Robert Goodwill MP UK Minister for Transport (2013-2016) says in STREETSCAPES:
The way our streets are designed and managed is essential to our everyday lives and their quality affects everyone. Streets are not just a way for people to get about but are places in their own right, the centre of the community. Streets that look good can also be safer.
Peter Dickinson Chair, Urban Design Panel, Chartered Institution of Highways and Transportation says
Highways and transportation professionals are increasingly aware of the wider role of roads in the community. By working closely with other disciplines and agencies we can help deliver roads that function efficiently, are safe and are memorable pleasant places to live and work.
“Why don’t they just get rid of all the traffic?” This is a commonly heard expression of exasperation.It is perhaps easy to wish away the nuisance of road traffic, hoping that the railway system or even canals could cope. But despite the importance of rail and water, by far the greatest volume of goods and numbers of people are moved about on roads. Even when we include travel by rail or water, a road is invariably at the beginning and end of the journey. Roads connect virtually everywhere to everywhere else.
Road traffic has increased in proportion to the rise in GDP and is expected to continue to rise,mainly because of the increase in the numbers of journeys by private car. Although there are exceptions, for example in central London where only about 5% of journeys to work are by car, the average for urban areas across the country is 65% and in rural areas more than 70%.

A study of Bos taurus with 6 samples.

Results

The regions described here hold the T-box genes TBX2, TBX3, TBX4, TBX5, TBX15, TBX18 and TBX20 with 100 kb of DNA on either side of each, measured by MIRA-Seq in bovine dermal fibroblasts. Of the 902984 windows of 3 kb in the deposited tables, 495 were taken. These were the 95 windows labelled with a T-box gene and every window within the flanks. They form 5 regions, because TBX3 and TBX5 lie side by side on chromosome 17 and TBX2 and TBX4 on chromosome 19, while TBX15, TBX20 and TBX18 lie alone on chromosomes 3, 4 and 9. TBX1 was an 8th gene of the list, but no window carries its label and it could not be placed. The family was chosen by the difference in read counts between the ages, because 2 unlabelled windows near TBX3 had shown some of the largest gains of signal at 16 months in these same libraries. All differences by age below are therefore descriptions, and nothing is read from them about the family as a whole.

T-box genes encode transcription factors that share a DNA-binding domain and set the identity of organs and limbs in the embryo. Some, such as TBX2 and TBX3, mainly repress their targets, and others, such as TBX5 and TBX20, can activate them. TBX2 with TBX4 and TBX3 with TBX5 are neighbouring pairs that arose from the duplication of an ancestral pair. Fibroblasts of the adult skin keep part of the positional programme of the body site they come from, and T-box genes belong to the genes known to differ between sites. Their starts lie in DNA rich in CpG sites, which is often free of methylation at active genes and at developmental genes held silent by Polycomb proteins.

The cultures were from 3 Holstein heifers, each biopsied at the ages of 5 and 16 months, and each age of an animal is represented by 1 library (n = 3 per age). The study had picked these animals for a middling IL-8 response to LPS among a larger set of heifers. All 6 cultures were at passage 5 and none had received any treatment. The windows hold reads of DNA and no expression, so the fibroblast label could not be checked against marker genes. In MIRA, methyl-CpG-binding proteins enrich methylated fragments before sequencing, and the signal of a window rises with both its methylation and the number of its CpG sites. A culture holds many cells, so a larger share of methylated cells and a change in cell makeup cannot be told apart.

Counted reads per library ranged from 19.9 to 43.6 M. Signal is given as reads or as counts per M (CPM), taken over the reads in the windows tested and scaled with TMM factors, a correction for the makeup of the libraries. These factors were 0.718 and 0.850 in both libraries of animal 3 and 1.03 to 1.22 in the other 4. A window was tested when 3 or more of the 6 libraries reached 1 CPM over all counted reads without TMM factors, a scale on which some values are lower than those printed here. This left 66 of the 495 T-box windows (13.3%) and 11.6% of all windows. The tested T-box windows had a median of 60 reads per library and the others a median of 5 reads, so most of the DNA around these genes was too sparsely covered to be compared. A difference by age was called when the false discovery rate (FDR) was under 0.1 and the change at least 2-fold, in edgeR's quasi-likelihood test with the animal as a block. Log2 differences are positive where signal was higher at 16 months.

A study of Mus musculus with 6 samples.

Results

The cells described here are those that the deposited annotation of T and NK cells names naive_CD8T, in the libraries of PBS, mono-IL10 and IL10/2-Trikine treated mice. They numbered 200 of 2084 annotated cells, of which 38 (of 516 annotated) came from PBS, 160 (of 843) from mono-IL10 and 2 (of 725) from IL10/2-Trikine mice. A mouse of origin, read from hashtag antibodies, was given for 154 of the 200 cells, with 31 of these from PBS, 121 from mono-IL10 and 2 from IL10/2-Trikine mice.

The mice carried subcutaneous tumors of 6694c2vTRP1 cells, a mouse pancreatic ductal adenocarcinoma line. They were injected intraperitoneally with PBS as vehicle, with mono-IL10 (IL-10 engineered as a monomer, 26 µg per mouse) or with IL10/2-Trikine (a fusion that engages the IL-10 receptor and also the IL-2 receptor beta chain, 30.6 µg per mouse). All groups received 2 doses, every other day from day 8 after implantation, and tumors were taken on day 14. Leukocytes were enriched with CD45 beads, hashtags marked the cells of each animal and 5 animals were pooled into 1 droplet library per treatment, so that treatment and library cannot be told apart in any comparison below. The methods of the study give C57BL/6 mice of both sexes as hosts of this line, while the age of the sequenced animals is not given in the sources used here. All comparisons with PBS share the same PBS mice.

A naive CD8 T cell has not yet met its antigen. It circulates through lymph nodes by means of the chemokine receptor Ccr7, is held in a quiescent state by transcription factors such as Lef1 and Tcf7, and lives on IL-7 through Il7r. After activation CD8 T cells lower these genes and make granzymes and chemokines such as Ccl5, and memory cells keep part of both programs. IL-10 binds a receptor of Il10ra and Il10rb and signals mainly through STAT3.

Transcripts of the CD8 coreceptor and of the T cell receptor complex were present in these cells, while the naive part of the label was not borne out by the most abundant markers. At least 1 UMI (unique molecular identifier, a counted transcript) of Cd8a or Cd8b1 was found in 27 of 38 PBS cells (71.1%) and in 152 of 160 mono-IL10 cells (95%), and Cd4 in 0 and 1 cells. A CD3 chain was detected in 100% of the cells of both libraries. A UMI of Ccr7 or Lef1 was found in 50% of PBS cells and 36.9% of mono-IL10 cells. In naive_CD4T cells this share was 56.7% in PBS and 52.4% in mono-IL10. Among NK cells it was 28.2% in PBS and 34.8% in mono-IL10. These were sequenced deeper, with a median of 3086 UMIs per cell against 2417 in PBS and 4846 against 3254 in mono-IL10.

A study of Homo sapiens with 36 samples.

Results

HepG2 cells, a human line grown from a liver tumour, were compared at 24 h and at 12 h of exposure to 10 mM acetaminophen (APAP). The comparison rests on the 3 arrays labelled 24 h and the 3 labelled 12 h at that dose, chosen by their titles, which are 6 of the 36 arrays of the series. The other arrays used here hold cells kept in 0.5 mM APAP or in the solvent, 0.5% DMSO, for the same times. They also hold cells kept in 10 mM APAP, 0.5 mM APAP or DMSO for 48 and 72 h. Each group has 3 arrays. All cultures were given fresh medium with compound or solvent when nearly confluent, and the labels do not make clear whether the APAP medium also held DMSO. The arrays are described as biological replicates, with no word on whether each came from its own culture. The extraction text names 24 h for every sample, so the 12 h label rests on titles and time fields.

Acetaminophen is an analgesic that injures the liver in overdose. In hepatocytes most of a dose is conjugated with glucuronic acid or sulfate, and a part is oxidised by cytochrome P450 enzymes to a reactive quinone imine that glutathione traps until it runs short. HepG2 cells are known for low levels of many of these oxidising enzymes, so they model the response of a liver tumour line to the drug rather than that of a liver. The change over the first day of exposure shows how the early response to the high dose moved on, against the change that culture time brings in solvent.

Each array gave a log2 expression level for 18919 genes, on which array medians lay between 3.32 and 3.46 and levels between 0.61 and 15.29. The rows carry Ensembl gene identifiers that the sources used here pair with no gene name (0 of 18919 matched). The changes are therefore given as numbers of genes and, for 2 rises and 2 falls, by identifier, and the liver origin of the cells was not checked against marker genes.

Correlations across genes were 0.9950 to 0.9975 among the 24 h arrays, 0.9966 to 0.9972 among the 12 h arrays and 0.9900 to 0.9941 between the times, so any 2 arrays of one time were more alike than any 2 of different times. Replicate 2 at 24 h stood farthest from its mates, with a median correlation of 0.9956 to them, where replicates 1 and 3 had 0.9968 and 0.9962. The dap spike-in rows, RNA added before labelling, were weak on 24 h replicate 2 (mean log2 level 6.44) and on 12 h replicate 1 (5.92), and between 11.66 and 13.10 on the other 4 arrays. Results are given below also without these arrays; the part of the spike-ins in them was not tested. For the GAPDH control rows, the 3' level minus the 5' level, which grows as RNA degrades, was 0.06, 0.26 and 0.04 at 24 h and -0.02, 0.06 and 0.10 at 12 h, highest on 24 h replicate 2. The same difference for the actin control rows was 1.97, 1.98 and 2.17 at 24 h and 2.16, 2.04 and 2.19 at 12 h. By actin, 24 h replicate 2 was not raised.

Not only is traffic increasing in volume, it is becoming ever more complex. This is apparent when you look at any busy crossroads: cars, people on foot with and without disabilities, cyclists, taxis, buses and lorries all seem to be mixed together in a chaotic melee. Yet each has its own needs and expectations, and none of them can be wished away. We can’t escape the need for traffic but we can manage it.
How can the needs of modern traffic be accommodated in urban and rural areas without detracting form their attractiveness? How can we unscramble what takes place at a typical road junction? There are certainly ways in which streets can be designed to allow for efficient movement for all road users, while fitting comfortably within attractive places.